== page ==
WalkingHimHome_KGNU.jpeg
Shannon Young
/
KGNU
Joanne Kelly wrote Walking Him Home: Helping My Husband Die with Dignity about her husband Alan who was diagnosed in 2018 with Multiple System Atrophy

Colorado voters have passed a number of statewide measures that remain taboo in other parts of the country.

Perhaps the obvious example is the legalization of recreational marijuana.

But Colorado is one of only three states nationwide to have authorized Medical Aid in Dying via ballot measures.

Six other states and the District of Columbia have legalized it through legislation.

But what is the process like for families of those who want to end their lives before a natural death?

Boulder author Joanne Kelly has written Walking Him Home: Helping My Husband Die with Dignity about her husband Alan's choice to die with dignity.

SY: This book is about your personal experience, accompanying your husband in his decision to seek out medical aid in dying. Why did he choose to go this route? And what about your experience? Do you think may be valuable for others?

JK: Alan believed firmly that we treat our pets better than we treat our elders. And he said that for years, even before he was diagnosed with a fatal illness.

But he was diagnosed in 2018 with Multiple System Atrophy, which is a pretty miserable way to go. It's in the greater Parkinsonian family of illnesses, but you go downhill really, really quickly.

So he was losing capabilities. Every week he would lose another capability. He could no longer run. He could no longer ski. He could no longer dance. And then he had to use a cane and then he had to use a walker. And then he was in a wheelchair. I mean, it just went very, very quickly downhill.

So we had both read about what a death from Multiple System Atrophy looked like, and it wasn't pretty, and he didn't want to die that way.

He really wanted to stick to his guns about treating him better than we treat our pets. And so he chose to apply for medical aid in dying, and he asked for my help. And this is what you were referring to with what about my process.

So he asked for my help to help him apply for medical aid in dying and go through all the steps because it's not just a once and done process. It is quite complicated.

The medical facility that we were associated with was very helpful in helping us figure out what the steps were, but I needed to help Alan make the appointments and get to the appointments, which was difficult because getting him in and out of the car was no easy feat.

So anyway, I really struggled with the decision of whether to help him or not.

I had told him I would be there for him until the end, and I really felt that that was a commitment that I needed to keep. And so, despite the fact that I really didn't want him to die, I decided that the most loving thing I could do for him was to help him shorten his suffering. So I decided to help him die.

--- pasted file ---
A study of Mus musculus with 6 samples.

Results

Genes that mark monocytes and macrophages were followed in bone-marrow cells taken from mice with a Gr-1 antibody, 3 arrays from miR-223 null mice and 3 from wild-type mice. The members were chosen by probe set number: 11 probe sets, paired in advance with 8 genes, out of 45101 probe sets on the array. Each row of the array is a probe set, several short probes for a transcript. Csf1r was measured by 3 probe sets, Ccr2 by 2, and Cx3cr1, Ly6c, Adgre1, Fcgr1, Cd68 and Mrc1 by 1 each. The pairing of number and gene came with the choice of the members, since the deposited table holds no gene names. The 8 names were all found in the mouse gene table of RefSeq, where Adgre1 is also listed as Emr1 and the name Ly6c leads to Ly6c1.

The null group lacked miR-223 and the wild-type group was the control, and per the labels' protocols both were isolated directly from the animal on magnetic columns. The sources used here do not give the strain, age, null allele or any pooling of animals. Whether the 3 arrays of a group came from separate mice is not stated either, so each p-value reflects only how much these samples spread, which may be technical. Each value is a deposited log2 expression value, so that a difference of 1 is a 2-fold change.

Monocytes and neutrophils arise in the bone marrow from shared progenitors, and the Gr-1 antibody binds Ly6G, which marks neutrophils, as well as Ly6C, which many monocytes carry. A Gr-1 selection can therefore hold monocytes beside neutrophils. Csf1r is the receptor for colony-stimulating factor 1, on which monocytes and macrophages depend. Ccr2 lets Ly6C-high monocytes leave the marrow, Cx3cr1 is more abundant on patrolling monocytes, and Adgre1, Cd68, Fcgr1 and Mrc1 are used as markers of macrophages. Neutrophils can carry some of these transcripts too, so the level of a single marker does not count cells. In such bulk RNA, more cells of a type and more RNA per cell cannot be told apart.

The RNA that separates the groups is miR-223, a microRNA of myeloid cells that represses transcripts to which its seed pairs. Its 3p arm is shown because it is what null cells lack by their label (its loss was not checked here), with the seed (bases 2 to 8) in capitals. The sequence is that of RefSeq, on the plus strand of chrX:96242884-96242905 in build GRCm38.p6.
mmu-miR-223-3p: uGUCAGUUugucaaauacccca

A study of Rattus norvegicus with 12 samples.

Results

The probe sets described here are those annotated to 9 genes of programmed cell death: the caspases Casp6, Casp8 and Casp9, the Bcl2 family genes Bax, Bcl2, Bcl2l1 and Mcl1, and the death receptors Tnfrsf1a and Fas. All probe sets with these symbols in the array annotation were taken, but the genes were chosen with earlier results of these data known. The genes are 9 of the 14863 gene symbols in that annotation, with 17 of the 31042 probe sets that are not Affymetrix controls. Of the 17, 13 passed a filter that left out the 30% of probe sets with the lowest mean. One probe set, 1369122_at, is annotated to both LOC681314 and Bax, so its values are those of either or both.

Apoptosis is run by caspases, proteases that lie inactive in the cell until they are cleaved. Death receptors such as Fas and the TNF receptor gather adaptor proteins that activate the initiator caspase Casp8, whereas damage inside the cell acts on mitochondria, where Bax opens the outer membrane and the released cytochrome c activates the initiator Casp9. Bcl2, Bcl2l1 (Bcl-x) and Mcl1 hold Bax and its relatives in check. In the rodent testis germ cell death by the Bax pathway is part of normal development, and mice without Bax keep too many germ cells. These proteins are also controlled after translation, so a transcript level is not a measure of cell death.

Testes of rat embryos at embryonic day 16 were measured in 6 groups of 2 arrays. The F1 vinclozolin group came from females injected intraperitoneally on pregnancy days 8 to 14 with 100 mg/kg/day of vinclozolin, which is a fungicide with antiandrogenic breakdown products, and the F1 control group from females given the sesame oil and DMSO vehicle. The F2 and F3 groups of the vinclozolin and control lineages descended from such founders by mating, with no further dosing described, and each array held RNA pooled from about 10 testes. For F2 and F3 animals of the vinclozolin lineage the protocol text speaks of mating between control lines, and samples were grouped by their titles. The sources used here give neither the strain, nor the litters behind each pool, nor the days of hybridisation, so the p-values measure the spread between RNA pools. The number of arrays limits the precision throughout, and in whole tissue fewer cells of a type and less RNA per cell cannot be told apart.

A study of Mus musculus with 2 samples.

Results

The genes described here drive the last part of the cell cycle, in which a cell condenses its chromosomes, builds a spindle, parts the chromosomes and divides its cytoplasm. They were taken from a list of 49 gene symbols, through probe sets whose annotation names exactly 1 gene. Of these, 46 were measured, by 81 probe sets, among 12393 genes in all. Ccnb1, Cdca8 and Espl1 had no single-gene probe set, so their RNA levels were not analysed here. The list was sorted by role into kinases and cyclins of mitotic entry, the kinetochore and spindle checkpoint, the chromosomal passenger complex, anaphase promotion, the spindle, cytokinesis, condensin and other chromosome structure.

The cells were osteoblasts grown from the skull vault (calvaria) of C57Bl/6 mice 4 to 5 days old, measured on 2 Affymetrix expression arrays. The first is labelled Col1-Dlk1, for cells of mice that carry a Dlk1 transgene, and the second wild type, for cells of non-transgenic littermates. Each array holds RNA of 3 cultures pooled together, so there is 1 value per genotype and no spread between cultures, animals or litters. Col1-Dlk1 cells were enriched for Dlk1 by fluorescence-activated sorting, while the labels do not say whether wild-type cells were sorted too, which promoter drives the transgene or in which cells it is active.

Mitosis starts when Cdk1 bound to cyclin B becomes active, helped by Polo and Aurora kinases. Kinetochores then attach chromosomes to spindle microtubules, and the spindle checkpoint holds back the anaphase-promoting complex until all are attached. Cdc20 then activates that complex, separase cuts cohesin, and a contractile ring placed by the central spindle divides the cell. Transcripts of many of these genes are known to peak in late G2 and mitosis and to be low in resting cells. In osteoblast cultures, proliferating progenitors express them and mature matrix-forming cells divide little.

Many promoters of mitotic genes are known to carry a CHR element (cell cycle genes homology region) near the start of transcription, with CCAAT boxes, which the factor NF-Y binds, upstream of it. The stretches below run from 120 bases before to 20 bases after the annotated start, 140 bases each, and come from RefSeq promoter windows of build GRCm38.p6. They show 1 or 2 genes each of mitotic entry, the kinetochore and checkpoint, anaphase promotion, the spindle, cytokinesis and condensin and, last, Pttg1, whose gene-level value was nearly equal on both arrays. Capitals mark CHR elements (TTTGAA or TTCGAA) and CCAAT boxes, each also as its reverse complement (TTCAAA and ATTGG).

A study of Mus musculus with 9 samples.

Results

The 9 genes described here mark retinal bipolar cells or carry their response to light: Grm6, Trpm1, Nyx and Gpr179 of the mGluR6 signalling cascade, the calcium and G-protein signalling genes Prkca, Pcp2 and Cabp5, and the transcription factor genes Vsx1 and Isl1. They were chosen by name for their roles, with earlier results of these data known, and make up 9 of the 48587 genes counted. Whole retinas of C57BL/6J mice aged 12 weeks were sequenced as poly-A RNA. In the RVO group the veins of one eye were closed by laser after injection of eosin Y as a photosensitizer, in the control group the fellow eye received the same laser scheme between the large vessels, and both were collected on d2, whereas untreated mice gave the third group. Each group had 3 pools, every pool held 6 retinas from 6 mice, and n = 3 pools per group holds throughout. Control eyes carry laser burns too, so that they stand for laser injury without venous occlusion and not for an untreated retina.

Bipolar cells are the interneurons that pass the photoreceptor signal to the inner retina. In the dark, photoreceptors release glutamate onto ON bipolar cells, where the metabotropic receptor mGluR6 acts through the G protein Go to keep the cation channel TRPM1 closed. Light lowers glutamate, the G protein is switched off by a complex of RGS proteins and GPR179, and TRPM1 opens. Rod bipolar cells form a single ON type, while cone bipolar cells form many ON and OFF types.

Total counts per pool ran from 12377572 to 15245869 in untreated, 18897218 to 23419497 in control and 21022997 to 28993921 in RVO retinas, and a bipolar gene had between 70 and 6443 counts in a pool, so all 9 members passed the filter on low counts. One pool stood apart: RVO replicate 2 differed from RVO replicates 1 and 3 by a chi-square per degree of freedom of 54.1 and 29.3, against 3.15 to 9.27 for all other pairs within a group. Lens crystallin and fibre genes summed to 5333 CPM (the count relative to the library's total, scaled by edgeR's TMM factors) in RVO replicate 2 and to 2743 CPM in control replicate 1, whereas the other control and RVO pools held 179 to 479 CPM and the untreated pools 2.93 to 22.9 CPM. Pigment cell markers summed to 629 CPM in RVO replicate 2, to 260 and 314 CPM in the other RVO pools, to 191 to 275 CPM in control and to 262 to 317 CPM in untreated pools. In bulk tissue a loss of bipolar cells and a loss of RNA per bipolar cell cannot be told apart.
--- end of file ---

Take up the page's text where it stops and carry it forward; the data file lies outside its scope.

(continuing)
SY: Walk me through the terms here. What is now called medical aid in dying used to be called assisted suicide. Is there a difference?

JK: Absolutely there's a difference. The term assisted suicide is sort of old fashioned and it's mostly used by people who are not in agreement that we should have that right to die on our own terms.

Suicide and assisted suicide, (medical aid in dying) it's defined in the law as not being suicide. What's written on your death certificate is the underlying disease process. And not the fact that you use medical aid in dying to die.

But people who choose medical aid in dying have to be able to ingest the medication themselves. So they do. Nobody can force it on them. It has to be their own choice to drink the medication or to put it in their own feeding tube. Which makes the timing of when you want to choose to die difficult for people whose illness is taking away their capability. So Alan was pretty shaky.

SY: Is that also related to how this is different from euthanasia?

JK: Well, with euthanasia, somebody else either gives you an injection, usually gives you an injection, that helps you die, as opposed to the person ingesting the medication themselves.

SY: Anyone who has had to manage the aftermath of a death in the family knows the paperwork and the bureaucracy of it all can sometimes be overwhelming. Does choosing the path of medical aid in dying add a layer of difficulty to the process and, and what are the steps for going that route in Colorado?

JK: I don't think that it adds a level of complexity after the person dies. It adds a level of complexity before the person dies. And it does take a little, you have to pay attention to the rules. In Colorado, the rules are that there's a certain waiting period between your first request and your second request. And one of the requests has to be in writing and the other two can be verbal. And so it's a process.

SY: And on a closing note, is there any story in particular that you would like to share about Alan?

JK: He was a very kind and funny man. And the one thing that I would like to communicate is that I feel really blessed that I had him in my life for 25 years. He was just a lovely partner.

This story from KGNU was shared with Aspen Public Radio via Rocky Mountain Community Radio, a network of public media stations in Colorado, Wyoming, Utah and New Mexico including Aspen Public Radio.

Shannon Young is the News Director at KGNU in Boulder/Denver. She has worked in Mexico as a foreign correspondent and regularly contributed to PRX’s “The World”, Public Radio International, the Canadian Broadcasting Corporation (CBC), The Guardian, Vice News, Truthout, and the Texas Observer.